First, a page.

Update COVID-19 in Indonesia: 1,298,608 confirmed infections, 35,014 deaths (23 February 2021)
23 February 2021 (closed)
USD/IDR (14,146) -6.00 -0.04%
EUR/IDR (17,335) +57.05 +0.33%
Jakarta Composite Index (6,272.81) +17.50 +0.28%
After a (revised) USD $1.63 billion trade deficit in April 2018, Indonesia posted another big trade deficit in the following month. In May 2018 Indonesia's trade deficit reached USD $1.52 billion, slightly lower from the deficit in the preceding month but still constituting a wider deficit than had been expected by analysts. Despite rising exports in May, a soaring crude oil price managed to put big pressures on Indonesia's trade balance.
Indonesia's Export Performance
According to the latest data from Statistics Indonesia (BPS), Indonesia's total exports rose 12.5 percent year-on-year (y/y) to USD $16.1 billion in May 2018. Non-oil & gas exports grew 11.6 percent (y/y) to USD $14.5 billion. Meanwhile, oil & gas exports, which contributes much less to Indonesia's total exports, climbed 21.5 percent (y/y) to USD $1.6 billion (also supported by rising crude oil prices).
What is interesting to note is that Indonesia's export performance (+12.5 percent y/y in May) was actually quite good considering the ongoing trade tensions between the US-China and US-European Union. China and the USA are Indonesia's biggest trading partners. As such, it would make sense that escalating trade tensions between the USA and China impact on Indonesia's trade performance.
Indonesia's non-oil & gas exports to China amounted to USD $2.09 billion in May 2018, up 15.4 percent from exports in the preceding month. Meanwhile, non-oil & gas exports to the USA rose 10.0 percent (m/m) to USD $1.57 billion in May 2018. Thus, the trade tensions seem not to impact on Indonesia's export performance (yet).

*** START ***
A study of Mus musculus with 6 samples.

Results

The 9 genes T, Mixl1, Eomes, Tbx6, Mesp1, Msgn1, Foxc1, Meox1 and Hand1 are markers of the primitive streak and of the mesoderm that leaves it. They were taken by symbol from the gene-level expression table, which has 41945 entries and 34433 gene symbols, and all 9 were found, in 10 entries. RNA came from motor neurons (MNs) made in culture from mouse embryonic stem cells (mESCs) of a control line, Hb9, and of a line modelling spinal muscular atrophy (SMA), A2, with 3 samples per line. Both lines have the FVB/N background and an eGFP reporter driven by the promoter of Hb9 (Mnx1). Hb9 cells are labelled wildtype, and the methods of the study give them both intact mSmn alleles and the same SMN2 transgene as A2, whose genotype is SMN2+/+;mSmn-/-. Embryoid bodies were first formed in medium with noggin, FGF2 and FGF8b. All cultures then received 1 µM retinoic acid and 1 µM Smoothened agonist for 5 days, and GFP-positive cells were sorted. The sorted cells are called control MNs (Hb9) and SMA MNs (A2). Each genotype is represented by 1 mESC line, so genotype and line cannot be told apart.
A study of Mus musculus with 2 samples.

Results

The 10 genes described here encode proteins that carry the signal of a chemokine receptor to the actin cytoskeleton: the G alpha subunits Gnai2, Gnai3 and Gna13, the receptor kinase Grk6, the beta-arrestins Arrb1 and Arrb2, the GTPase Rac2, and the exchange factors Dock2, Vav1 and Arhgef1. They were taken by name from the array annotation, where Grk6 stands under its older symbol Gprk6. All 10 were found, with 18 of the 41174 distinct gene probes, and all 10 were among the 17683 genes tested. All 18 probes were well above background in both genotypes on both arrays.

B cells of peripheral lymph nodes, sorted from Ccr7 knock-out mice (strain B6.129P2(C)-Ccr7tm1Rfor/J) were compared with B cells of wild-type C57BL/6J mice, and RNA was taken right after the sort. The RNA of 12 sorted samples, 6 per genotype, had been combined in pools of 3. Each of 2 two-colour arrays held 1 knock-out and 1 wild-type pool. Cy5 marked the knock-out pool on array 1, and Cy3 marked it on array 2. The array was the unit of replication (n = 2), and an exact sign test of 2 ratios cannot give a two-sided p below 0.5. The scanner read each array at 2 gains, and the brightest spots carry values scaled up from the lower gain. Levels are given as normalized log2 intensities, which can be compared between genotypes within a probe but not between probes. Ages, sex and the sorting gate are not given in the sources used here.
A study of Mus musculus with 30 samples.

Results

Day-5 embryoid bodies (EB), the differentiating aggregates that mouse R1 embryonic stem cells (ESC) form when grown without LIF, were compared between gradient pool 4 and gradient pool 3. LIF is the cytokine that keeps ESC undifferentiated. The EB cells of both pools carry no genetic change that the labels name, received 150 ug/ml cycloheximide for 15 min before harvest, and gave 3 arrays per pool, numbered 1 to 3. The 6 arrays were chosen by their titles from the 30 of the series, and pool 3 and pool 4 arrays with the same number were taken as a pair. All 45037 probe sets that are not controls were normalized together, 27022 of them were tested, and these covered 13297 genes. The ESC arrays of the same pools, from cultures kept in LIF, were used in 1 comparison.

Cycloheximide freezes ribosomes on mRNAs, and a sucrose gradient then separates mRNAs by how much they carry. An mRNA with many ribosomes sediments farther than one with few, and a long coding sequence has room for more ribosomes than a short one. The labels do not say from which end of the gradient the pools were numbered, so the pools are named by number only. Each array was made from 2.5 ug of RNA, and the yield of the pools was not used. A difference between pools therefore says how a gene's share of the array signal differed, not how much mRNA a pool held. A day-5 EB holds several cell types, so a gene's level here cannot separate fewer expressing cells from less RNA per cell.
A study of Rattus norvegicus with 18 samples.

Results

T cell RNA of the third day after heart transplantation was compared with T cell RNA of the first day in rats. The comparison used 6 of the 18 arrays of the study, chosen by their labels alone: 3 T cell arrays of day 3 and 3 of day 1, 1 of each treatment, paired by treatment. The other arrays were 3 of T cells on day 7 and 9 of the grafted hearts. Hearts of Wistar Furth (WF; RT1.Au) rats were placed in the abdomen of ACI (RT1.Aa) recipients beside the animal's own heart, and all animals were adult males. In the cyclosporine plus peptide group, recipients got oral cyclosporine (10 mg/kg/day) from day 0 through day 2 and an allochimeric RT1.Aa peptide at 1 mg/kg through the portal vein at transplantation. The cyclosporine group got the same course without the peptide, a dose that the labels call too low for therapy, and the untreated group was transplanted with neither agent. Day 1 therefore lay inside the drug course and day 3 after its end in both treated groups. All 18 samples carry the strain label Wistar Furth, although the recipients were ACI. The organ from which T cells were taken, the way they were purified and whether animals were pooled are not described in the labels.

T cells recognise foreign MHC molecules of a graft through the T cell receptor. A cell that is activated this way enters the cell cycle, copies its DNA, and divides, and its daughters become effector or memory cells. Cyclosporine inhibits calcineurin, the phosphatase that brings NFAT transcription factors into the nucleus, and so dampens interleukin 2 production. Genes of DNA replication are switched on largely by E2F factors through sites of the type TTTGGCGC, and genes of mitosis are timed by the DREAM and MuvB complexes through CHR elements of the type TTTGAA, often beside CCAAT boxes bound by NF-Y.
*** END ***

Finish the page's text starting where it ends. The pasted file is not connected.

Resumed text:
Indonesia's Import Performance
Imports into Indonesia rose 28.1 percent (y/y) to USD $17.6 billion in May 2018. This larger-than-estimated increase was attributed to the rising amount of imports of crude oil and its derivative products as well as rising demand for consumables in the context of the Ramadan and Eid al-Fitr festivities. Global crude oil prices have risen in recent months on the back of supply concerns in several major oil-producing nations.
Indonesia's oil & gas imports rose 57.2 percent (y/y) to USD $2.8 billion in May 2018. Meanwhile, non-oil & gas imports grew 23.8 percent (y/y) to USD $14.8 billion.
Trade Balance of Indonesia in January-May 2018 Period
The latest monthly trade deficit means that Indonesia, cumulatively, now has to cope with a USD $2.8 billion trade deficit in the first five months of 2018. For comparison (and in stark contrast), Indonesia had a USD $6.0 billion trade surplus in the January-May 2017 period.
The January-May 2018 trade deficit puts additional pressure on Indonesia's current account balance as well as on the Indonesian rupiah exchange rate. The Indonesian rupiah had weakened 0.48 percent to IDR 14,154 per US dollar by 15:45 pm local Jakarta time on Monday (25/06) according to the Bloomberg Dollar Index.